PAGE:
Wellbeing Walks: a beacon of hope

Simon, RWC Learner

December 12, 2023

Huge thanks to our learner Simon, for kindly sharing his experience of our recent Creative Wellbeing Walks.  We are so pleased that these have made such a positive difference to his life.  If you are inspired by Simon’s story, watch out for more of our Creative Wellbeing Walks in Spring 2024.

The Calderdale and Kirklees Recovery College creative wellbeing walks offer more than just a stroll through scenic paths; they provide a lifeline for those grappling with mental health issues. As someone who was thrust into the isolating world of working from home and subsequently diagnosed with depression, these walks became a pivotal part of my healing journey.

Being confined to solitude for extended periods exacerbated my condition. The walks, however, became a beacon of hope, a doorway to escape the suffocating grasp of depression. Stepping outside into nature’s embrace brought an immediate sense of calm. The rustling leaves, chirping birds, and the gentle breeze whispered solace, easing the weight on my shoulders.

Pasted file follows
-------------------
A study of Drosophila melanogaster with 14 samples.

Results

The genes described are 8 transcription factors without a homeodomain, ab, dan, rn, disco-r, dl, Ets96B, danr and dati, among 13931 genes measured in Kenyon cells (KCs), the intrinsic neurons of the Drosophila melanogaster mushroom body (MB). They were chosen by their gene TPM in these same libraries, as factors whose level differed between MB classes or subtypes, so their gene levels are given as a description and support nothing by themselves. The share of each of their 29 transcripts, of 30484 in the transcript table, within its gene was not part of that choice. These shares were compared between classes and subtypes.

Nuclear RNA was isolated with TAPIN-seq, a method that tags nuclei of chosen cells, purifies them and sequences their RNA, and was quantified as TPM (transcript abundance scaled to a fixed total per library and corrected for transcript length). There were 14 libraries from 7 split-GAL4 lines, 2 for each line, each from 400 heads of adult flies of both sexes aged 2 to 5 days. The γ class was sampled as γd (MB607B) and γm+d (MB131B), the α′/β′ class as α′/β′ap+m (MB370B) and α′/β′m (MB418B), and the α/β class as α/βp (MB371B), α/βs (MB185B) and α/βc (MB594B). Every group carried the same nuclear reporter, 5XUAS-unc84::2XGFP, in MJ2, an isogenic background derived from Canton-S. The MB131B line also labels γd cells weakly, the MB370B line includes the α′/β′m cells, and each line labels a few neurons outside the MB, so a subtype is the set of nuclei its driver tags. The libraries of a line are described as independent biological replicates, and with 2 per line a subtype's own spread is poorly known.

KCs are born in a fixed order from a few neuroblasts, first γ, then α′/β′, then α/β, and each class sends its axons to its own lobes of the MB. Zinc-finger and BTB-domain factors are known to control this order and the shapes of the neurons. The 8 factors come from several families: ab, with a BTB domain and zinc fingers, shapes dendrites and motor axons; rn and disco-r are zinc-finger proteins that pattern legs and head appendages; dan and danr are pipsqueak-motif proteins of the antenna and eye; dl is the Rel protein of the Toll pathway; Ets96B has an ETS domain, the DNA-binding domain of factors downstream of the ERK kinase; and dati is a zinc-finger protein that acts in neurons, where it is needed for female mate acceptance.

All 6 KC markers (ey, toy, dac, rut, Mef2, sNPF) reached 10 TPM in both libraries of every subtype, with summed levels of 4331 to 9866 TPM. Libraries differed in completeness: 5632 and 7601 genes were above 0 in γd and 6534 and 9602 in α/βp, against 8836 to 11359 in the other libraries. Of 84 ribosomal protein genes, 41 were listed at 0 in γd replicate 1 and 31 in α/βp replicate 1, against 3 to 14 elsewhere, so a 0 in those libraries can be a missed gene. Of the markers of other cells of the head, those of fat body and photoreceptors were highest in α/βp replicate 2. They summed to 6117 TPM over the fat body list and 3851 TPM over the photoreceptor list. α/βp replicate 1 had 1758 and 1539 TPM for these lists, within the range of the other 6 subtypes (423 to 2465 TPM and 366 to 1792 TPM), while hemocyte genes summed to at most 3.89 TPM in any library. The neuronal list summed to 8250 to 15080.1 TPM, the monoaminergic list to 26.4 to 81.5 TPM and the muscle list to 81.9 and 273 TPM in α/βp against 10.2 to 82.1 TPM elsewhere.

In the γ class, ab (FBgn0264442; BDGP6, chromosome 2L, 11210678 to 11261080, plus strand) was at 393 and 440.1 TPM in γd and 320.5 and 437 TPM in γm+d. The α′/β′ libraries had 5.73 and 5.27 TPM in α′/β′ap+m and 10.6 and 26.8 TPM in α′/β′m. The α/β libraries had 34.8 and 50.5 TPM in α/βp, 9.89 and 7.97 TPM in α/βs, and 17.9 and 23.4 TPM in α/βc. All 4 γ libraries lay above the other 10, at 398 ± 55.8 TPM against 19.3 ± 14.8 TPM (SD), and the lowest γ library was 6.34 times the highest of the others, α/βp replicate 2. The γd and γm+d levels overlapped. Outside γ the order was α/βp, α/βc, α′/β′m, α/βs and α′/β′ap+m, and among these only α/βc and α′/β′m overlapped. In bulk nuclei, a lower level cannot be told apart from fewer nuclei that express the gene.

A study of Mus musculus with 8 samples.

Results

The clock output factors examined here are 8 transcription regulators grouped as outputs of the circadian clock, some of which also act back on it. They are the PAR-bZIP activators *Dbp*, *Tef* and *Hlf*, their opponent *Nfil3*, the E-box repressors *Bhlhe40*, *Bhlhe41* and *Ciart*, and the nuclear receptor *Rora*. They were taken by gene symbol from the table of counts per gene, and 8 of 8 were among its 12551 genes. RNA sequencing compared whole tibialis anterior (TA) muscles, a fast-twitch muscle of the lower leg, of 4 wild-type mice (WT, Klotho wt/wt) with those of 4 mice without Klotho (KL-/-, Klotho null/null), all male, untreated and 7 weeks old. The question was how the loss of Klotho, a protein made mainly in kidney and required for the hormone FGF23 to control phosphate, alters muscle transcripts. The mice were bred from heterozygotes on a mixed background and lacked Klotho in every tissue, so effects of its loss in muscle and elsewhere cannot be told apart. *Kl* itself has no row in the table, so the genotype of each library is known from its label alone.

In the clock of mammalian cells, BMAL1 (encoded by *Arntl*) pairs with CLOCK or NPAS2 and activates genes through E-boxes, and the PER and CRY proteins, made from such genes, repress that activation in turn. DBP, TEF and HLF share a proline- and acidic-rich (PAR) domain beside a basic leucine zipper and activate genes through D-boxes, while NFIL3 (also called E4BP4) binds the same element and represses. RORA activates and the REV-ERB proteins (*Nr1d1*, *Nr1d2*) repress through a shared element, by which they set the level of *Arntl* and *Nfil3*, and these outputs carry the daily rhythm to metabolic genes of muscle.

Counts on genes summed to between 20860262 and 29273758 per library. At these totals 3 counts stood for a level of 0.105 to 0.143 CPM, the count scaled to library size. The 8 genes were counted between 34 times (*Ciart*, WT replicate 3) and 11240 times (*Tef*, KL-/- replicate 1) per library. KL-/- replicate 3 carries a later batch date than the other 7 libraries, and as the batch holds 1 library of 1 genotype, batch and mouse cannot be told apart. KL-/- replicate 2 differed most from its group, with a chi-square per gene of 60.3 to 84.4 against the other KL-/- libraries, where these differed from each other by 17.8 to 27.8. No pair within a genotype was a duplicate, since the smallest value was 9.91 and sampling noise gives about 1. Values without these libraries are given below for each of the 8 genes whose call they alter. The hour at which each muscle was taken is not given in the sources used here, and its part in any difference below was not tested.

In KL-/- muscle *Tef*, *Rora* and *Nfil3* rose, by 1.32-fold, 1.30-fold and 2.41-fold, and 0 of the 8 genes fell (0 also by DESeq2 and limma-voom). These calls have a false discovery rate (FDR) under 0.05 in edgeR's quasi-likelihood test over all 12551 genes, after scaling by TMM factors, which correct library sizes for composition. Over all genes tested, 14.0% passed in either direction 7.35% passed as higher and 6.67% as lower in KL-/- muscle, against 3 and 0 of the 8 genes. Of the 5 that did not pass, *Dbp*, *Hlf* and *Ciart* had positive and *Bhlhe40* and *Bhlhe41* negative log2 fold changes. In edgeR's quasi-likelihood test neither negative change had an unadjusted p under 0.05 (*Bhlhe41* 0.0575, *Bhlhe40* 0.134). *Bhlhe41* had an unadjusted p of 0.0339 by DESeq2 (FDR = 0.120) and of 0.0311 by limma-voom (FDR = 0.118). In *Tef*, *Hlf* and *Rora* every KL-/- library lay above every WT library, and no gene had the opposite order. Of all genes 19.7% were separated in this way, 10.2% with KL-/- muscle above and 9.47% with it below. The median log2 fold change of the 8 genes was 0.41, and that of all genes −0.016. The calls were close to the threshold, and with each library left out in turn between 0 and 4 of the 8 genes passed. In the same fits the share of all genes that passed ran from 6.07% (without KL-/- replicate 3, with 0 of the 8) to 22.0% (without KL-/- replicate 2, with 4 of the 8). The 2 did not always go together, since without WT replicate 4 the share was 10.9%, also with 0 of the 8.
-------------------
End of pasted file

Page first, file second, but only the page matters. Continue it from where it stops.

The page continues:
What truly made these walks transformative was the camaraderie they fostered. Interacting with fellow participants, sharing stories, and simply engaging in conversations dissolved the walls of isolation. The sense of belonging cultivated during these walks was a balm for my soul.

Gradually, as I made these walks a weekly ritual, I noticed a profound shift within me. The heaviness lifted, and a newfound lightness settled in. The amalgamation of nature’s therapeutic touch and the warmth of human connection acted as a catalyst for my recovery.

Now, having returned to work, I credit much of my progress to these wellbeing walks. They not only helped alleviate my depression but also equipped me with coping mechanisms to navigate life’s challenges. They served as a reminder of the profound impact nature and community can have on mental wellbeing.

In essence, the Calderdale and Kirklees Recovery College wellbeing walks are not merely about putting one foot in front of the other; they are a testament to the transformative power of nature and human connection in healing the mind and soul.